Outsiders could be forgiven for thinking that UK energy policy has abandoned renewables — consider the high-profile commitment to nuclear at Hinkley Point, and the Cameron government’s attack on feed in tariffs. It’s less well known that industry and government alike are taking a hard look at the possibilities for energy storage.
While the Department for Energy and Climate Change (DECC) has been scrapped, its work wasn’t killed off. Last year came signs of the ‘smarter energy’ concept gaining ground — using systems and technology that could cut the need to invest in grid reinforcement and generation plant.
The government’s adviser, the National Infrastructure Commission, has calculated that a more flexible power system could save consumers up to £8 billion (US $9.8 billion) a year by 2030. Storage, of course, is a big part of this.
Before it was scrapped, DECC put out a call for evidence from all interested parties about the prospects for smart energy. Its findings are due to be published soon. Meanwhile the UK Solar Trade Association (STA) has been doing its own work.
“The combination of storage and solar is a long-term game changer rather than a short-term market bubble,” its report concluded.
STA wants to encourage field trials and for case studies to be made widely available. It’s especially keen to see the end of double-charging. Electrical storage systems are treated as generation: there’s a charge both for storing and importing (intermediary consumption); also for discharging and using that energy (final consumption).
No one knows what the impact of Brexit might be on, for instance, collaborative research. But, says David Pickup, STA policy manager and the report’s author, things could be done now. “We can learn from Germany,” he told Renewable Energy World. “There you see the value of a 3-5-year strategy. They had a grant scheme for domestic systems, but the safety and standards requirement for these was quite strict.”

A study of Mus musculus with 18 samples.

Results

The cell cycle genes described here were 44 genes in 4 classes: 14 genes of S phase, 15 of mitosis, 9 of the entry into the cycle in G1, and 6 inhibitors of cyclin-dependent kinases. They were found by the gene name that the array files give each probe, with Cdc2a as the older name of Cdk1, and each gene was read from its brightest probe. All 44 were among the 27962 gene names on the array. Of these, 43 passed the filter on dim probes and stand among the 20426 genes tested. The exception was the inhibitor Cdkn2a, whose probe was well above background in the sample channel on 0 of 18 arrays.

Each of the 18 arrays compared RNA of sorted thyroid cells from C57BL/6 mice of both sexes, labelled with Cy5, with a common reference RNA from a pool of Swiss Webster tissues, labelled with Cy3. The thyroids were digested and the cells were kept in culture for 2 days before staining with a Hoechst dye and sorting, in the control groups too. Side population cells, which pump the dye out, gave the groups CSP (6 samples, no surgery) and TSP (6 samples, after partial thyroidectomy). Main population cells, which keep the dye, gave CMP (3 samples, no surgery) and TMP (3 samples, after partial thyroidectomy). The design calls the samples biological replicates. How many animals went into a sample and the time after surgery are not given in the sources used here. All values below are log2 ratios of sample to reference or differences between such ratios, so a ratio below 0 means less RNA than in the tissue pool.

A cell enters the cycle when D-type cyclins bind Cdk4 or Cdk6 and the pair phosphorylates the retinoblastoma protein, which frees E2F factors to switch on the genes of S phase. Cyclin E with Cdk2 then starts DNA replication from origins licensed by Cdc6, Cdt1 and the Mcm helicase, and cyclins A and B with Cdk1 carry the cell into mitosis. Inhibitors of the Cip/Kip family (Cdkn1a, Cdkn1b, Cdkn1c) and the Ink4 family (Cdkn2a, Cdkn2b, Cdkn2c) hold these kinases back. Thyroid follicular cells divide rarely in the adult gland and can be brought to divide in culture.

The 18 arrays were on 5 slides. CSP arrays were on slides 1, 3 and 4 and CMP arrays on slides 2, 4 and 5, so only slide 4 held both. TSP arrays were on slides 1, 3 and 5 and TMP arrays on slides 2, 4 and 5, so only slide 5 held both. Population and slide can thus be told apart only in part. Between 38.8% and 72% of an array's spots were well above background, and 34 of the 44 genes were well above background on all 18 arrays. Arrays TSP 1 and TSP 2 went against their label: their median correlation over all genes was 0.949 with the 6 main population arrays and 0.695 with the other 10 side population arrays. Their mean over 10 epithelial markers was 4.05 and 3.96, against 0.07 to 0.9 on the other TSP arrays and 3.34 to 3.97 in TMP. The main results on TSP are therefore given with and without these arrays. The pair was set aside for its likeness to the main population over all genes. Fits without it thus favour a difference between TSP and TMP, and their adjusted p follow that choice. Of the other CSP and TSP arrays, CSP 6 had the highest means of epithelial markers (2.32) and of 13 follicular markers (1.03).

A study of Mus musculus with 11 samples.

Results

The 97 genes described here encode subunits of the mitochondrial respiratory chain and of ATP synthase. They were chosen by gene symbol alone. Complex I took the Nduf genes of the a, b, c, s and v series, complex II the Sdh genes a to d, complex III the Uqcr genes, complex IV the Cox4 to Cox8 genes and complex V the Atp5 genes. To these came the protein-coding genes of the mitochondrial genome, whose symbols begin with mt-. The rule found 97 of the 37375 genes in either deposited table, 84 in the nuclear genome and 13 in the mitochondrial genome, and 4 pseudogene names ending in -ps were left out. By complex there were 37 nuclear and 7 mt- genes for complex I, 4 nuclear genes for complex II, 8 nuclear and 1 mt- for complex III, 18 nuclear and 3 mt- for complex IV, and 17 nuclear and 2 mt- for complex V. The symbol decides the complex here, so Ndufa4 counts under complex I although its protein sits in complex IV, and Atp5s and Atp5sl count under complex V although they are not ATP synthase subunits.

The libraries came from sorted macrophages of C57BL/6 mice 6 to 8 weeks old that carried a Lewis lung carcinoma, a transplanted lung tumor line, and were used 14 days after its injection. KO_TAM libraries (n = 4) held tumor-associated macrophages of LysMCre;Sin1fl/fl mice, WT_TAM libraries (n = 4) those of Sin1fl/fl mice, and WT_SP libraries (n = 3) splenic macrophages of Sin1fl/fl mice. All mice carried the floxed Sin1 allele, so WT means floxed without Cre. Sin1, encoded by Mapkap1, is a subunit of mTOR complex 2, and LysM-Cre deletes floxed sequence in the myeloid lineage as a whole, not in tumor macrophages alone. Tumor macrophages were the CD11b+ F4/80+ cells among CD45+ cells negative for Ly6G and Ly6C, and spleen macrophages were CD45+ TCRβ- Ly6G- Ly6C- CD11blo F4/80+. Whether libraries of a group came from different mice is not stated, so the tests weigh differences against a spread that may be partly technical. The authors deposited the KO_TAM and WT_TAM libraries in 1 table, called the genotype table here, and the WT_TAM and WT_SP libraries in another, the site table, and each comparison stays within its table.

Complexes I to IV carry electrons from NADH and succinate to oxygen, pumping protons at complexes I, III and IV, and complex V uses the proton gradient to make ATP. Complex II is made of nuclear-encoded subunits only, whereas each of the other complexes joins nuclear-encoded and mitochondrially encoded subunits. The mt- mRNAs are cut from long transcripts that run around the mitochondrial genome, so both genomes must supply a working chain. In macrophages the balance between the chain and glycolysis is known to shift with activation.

He feels there’s no reason why such knowledge and regulatory practice couldn’t be imported into the UK. Moreover, Pickup thinks the new government could be open to persuasion on storage.
“What’s been striking over the last few months is its evidence-based voice,” he said. “With solar and storage, costs are coming down and the benefits are clear — there are huge amounts of evidence that this is the right way to go.”
Is it worth pushing the newly-created Department for Business, Energy and Industrial Strategy (BEIS) for California-style targets? California has ordered its three largest utilities to reach 1.3 GW of storage by 2020. Interestingly, Pickup doesn’t think so.
“It’s challenging to work out what that target should be — my impression is that it isn’t necessarily the right way to go,” he said. “I think it would be quite difficult to do in the UK — you’d have to have a series of policies.”
So what’s the best way forward?
“We think what’s important isn’t necessarily research in trying to find 10, 20, 50 percent extra capacity, but developing the market and deploying things … bringing costs down, ramping up manufacturing capacity,” Pickup said.
Infrastructure — ‘the wires and a box’ — can be put in now, he added.
“There’s a potential risk in waiting for the perfect technology rather than going ahead (now),” he said. “Research will always improve the situation… you can — in time — replace an existing battery with the best.”